In their latest mid-year budget updates, the states and territories were on track to collect $27 billion from payroll tax, or almost half the amount they share in GST revenue. Stamp duties on property, insurance and vehicles account for 30 per cent of the self-raised taxes of NSW, Victoria and Queensland. Payroll tax is more than a third.

Treasurer Josh Frydenberg, who has backed cuts to payroll tax and an overhaul of state tax systems, on Wednesday ruled out providing any direct federal government help.

“I … understand the motivations around stamp duty and land tax but also states have got their own balance sheets, they’re going to have to make their own choices,” he said.

“It’s a discussion that we continue to have at the CFFR [Council of Federal Financial Relations] level about broader reforms, but I would say to the states that they’re also going to have to find within their own balance sheets the ability to fund any reforms that they put a priority on.”

The NSW government estimates $9.8 billion of revenue will flow into state coffers from payroll tax in 2019-20, out of a total $32.5 billion in state taxes collected. This is set to rise to $11.2 billion out of $38.1 billion by 2022-23.

In Victoria, payroll tax is forecast to make up $6.6 billion of $24.4 billion of total state taxes this year. In Queensland, payroll tax is worth $4.3 billion out of the $15.2 billion tax collected, and in Western Australia it is $3.8 billion out of $9 billion in revenue.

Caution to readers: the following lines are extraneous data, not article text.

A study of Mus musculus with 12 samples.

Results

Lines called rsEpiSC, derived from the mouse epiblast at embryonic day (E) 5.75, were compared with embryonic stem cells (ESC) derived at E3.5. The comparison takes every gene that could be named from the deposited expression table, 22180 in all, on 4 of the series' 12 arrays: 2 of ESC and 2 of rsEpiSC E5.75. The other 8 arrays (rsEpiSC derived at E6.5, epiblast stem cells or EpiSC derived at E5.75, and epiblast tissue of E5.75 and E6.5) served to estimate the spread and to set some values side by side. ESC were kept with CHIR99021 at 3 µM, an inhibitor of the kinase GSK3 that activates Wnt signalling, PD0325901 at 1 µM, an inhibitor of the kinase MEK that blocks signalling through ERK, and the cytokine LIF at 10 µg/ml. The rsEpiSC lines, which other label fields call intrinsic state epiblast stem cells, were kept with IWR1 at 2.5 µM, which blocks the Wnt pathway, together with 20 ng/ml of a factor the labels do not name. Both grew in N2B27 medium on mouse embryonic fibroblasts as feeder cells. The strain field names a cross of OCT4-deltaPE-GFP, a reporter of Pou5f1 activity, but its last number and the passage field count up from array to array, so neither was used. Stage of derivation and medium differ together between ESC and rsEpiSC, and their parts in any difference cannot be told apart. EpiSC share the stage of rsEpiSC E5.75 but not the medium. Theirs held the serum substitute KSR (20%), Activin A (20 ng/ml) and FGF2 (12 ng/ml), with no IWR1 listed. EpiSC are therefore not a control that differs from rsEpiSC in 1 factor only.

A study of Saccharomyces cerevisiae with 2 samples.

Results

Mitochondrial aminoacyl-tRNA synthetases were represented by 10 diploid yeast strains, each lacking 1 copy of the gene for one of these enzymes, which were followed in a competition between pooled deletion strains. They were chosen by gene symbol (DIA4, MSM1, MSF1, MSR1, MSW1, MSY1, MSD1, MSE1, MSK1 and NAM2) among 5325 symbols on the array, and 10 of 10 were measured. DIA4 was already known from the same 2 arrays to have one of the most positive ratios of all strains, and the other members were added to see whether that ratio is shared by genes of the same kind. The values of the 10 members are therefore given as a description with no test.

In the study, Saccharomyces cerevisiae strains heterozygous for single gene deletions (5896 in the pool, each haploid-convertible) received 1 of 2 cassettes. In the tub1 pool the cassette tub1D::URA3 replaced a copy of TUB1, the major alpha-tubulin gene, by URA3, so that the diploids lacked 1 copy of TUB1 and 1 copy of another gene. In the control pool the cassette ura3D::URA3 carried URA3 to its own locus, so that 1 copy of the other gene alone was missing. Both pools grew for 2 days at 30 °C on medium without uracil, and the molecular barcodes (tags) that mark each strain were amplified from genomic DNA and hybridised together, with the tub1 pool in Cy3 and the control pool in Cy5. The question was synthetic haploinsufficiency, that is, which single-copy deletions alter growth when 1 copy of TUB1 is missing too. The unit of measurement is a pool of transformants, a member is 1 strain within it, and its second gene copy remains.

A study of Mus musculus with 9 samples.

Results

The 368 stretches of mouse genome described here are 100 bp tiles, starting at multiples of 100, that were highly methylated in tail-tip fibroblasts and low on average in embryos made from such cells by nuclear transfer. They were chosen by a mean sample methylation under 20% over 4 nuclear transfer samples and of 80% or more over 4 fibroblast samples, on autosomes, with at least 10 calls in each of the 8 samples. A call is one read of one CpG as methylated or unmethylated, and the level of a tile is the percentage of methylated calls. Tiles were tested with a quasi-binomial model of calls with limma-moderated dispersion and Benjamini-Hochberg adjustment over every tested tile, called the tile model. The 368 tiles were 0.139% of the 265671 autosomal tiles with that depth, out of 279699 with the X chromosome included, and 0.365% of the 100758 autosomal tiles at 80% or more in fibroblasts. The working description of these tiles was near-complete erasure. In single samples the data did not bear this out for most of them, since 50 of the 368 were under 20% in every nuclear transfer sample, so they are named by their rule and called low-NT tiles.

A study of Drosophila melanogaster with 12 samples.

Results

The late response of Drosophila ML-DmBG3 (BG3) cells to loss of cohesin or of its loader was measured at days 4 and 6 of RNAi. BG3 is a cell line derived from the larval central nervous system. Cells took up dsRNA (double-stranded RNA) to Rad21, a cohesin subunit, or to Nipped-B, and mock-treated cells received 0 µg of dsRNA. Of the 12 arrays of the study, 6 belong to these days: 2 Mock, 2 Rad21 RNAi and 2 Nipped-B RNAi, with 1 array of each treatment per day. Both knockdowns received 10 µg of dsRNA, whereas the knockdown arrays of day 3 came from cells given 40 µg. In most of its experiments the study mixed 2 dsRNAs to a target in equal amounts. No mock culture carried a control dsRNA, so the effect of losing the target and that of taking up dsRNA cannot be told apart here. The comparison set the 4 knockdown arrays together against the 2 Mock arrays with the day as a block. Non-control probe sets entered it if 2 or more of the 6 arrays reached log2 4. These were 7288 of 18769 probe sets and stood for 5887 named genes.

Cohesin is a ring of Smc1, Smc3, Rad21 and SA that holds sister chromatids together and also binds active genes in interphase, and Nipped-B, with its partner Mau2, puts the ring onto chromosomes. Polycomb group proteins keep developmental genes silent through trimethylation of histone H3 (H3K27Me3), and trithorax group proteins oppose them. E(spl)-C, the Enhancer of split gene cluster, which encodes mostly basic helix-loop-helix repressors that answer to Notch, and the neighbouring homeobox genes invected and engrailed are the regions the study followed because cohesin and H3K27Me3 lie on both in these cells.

A senior member of the CFFR committee, which includes all the nation’s treasurers, said it was “simply not on the radar of any state to get rid of payroll tax”.

All states and territories are facing budget deficits due to the coronavirus pandemic and a long-term revenue hit due to high levels of unemployment, slow wage growth and low levels of property sales.

“There is simply no revenue to cover such an important tax,” the source said, speaking on condition of anonymity. “If we were designing a tax system for a new state you wouldn’t have payroll tax. But there’s no way we can replace such an important piece of revenue.”

There is simply no revenue to cover such an important tax.

The Henry Tax Review, released in 2010, found payroll tax was one of the nation’s most inefficient taxes. Every dollar of payroll tax caused a welfare loss to the broader economy of 40 cents. It backed the introduction of a broad-based cash-flow tax that would raise enough money to cover the revenue lost by axing payroll tax and other imposts such as taxes on insurance.